Lame Lammy moved sideways in British Government reshuffle
By John Mair in London
Stabroek News
June 16, 2003


Lammy blotted his ministerial copybook last week with a lame performance in the House of Commons during the committee session on a Health Bill. He was attacked by both Opposition Conservative MPs and even by some of his own Labour side. It failed to impress. As the respected political commentator Simon Hoggart wrote in the London Guardian

“Mr Lammy, who is the MP for Tottenham and a junior health minister, is sometimes spoken of as our first black prime minister. That’s as may be. In the meantime he is the first black Tony Blair.

Gosh, he’s good at avoiding the issue. Golly, he can twist a statistic! Heavens, he is quite brilliant at making it sound as if a reasonable query is actually a vicious assault on the most noble and self-sacrificing people our poor nation is privileged to employ in its interests. Mr Lammy is very young. But he has a wisdom beyond his years.”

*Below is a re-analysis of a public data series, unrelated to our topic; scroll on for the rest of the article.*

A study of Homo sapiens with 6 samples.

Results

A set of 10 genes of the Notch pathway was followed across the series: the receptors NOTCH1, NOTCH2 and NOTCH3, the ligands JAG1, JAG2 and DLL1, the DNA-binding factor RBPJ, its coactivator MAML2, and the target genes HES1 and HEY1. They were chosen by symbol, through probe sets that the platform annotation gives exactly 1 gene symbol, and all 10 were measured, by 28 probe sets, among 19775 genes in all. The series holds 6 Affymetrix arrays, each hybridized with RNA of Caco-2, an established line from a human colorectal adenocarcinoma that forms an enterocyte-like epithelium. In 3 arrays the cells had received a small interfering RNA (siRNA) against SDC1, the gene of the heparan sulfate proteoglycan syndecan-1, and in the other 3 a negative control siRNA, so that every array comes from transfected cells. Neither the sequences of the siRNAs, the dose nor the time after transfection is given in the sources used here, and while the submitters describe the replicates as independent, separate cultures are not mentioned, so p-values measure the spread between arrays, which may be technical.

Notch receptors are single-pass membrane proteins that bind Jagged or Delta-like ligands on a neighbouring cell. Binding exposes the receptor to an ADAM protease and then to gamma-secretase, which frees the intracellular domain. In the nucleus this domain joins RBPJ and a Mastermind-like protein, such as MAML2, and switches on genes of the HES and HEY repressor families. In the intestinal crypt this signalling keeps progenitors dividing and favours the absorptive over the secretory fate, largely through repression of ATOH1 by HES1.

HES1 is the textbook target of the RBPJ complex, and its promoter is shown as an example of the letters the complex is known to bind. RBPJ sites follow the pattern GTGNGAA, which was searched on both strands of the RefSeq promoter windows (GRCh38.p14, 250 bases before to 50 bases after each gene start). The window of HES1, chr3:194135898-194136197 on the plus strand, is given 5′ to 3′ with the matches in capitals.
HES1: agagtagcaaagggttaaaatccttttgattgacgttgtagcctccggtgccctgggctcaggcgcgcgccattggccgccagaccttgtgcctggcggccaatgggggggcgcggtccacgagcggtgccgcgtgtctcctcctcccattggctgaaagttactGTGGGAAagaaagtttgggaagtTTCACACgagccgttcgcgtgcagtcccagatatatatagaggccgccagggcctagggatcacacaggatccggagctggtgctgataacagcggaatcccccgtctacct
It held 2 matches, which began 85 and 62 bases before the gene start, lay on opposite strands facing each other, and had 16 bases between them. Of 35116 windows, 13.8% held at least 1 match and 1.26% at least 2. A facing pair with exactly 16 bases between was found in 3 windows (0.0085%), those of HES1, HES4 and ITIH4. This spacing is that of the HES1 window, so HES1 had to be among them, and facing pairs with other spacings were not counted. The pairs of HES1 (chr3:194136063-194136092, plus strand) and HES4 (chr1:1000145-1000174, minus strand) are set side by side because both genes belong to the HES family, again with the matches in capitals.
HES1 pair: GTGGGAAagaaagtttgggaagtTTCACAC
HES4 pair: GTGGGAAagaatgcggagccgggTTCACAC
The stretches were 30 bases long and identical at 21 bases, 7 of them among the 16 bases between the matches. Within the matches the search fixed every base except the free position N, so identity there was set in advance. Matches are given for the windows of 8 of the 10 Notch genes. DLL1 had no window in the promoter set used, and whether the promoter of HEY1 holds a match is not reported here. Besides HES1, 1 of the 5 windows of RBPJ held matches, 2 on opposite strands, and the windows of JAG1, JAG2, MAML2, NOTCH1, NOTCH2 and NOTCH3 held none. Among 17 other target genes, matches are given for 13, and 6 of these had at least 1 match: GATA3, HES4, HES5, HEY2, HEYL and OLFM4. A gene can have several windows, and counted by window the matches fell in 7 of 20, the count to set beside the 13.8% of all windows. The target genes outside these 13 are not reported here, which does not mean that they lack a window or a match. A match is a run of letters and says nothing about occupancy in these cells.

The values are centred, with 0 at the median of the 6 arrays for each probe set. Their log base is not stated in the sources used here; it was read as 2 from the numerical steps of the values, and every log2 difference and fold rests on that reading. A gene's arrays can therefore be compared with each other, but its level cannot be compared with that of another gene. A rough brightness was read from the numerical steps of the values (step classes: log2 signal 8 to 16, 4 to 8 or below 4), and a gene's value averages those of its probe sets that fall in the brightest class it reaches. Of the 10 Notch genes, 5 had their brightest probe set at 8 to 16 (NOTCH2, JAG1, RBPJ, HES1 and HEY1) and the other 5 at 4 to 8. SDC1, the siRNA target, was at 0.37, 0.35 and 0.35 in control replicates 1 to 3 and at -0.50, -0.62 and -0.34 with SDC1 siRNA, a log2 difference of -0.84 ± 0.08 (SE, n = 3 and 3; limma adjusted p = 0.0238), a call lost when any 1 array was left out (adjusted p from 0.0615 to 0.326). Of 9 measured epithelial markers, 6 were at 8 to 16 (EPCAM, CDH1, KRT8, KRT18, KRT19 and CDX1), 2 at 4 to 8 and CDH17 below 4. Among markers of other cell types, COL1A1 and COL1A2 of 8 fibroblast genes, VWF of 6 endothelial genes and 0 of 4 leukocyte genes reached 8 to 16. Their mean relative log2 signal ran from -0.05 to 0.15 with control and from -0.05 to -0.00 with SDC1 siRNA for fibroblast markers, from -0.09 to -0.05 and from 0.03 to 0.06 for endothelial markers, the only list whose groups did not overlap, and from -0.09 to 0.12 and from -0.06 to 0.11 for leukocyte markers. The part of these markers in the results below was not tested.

Sadly reports like that of his last Parliamentary performance were not uncommon. It spelt trouble for this youngest member of ‘The Guyanese mafia’ in British politics. That came home to roost in Lammy’s reshuffle sideways. The Conservative MP Enoch Powell once said that “all political careers ultimately end in failure”. Young Lammy, the son of a single parent Guyanese mother who was born in Tottenham North London and represents it in Parliament, may not be staring failure in the face right now. He is just down a political cul de sac from which he may emerge to continue that trajectory onwards and upwards.